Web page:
Course Hero. "Crime and Punishment Study Guide." Course Hero. 28 July 2016. Web. 19 Sep. 2018. <https://www.coursehero.com/lit/Crime-and-Punishment/>.
Course Hero. (2016, July 28). Crime and Punishment Study Guide. In Course Hero. Retrieved September 19, 2018, from https://www.coursehero.com/lit/Crime-and-Punishment/
(Course Hero, 2016)
Course Hero. "Crime and Punishment Study Guide." July 28, 2016. Accessed September 19, 2018. https://www.coursehero.com/lit/Crime-and-Punishment/.
Course Hero, "Crime and Punishment Study Guide," July 28, 2016, accessed September 19, 2018, https://www.coursehero.com/lit/Crime-and-Punishment/.
Raskolnikov's garret represents his poverty, as well as his alienation, arrogance, and claustrophobic state of mind. The tiny fifth-floor room is messy and cramped; he cannot stand up straight in it or stride across it. It has little light or air. The room's location at the top of the house also represents the heights from which he views nearly everything and everyone around him, looking down in contempt at others. His self-imposed isolation in the room allows him to plot obsessively the murders he commits.
A symbol of Christianity, Christ's death, and salvation, the cross represents both faith and suffering. Displaying the cross can be a sincere or hollow gesture. Alyona's faith is hollow. She wears two crosses but lacks any Christian compassion. Raskolnikov uses the sign of the cross to trick her into believing his tightly wrapped package is a more valuable object to pawn, distracting her with greed and providing him the opportunity to kill her. Nikolay, the house painter, trades his cross for a drink, symbolically rejecting his religion before he tries to commit suicide. Sonia gives Raskolnikov a cross before he confesses, symbolizing both the burden of their shared suffering and the redemption promised by surrendering to faith. By accepting Sonia's cross, Raskolnikov begins the process of acknowledging his burden of responsibility and accepting the suffering of his punishment.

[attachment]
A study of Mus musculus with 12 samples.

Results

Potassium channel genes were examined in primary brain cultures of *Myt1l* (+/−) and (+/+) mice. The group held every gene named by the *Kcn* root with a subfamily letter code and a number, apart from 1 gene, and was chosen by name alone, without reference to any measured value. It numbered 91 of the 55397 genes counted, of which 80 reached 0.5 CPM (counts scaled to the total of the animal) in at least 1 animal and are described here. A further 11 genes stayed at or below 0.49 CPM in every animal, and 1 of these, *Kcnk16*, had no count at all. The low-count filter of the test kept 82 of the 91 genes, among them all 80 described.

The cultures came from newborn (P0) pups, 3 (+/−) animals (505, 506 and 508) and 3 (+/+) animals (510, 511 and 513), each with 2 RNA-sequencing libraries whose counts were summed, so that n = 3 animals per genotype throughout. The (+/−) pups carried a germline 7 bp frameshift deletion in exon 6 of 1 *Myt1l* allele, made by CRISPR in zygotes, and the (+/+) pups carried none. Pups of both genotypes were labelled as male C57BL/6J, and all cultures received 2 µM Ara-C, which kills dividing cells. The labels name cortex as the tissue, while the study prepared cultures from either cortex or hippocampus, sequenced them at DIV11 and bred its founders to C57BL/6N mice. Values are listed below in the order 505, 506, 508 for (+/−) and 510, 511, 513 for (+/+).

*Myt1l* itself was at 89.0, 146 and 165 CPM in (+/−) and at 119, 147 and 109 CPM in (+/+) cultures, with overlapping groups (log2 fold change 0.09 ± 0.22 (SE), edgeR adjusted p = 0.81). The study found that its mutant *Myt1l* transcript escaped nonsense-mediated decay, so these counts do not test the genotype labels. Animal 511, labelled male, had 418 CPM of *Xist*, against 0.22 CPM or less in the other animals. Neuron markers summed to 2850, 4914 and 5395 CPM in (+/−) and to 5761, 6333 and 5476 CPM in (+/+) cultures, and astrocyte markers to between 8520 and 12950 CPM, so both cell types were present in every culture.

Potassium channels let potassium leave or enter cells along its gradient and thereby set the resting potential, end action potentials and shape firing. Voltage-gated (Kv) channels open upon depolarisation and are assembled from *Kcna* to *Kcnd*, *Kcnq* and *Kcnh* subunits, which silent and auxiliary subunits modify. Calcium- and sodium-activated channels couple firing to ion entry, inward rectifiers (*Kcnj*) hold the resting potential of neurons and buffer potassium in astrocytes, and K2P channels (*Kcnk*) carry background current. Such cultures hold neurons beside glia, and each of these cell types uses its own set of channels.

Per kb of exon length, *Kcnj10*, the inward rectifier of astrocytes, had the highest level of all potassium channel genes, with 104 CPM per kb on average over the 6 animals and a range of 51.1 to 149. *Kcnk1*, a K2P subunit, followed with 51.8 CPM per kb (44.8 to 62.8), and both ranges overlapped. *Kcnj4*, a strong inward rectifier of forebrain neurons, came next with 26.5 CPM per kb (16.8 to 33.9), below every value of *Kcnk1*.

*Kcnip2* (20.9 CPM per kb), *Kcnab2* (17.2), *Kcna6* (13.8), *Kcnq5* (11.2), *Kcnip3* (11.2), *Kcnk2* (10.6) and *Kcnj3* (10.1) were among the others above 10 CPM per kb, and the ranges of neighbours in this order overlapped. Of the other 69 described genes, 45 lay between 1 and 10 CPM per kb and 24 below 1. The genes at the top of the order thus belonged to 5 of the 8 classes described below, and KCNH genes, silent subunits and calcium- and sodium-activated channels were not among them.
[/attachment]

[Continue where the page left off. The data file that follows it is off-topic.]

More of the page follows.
Rising to power in the wake of the French Revolution, Napoleon conquered most of Europe and achieved the title of emperor in the service of personal ambition. Although his military campaigns killed hundreds of thousands, he was regarded through most of the 19th century as a great leader. Raskolnikov uses him as a prime example of the "extraordinary man" who is so brilliant and daring he has the right to shed blood. Raskolnikov's crime is an attempt to be this kind of man, but he conveniently forgets the crimes of which Napoleon was guilty and the exile in which he spent his final years.
In a story from the New Testament of the Bible, Christ brings Lazarus back to life after he has been dead for days. Sonia reads the story to Raskolnikov on his first visit to her room. The two main excerpts she reads focus on Lazarus's sister's declaration of faith in Christ as the son of God, an important prerequisite to raising Lazarus from the dead. Raskolnikov is fascinated by this story, bringing it up more than once—even declaring his literal belief in it to Porfiry, despite wavering on religion in general. The story of Lazarus promises new life through faith.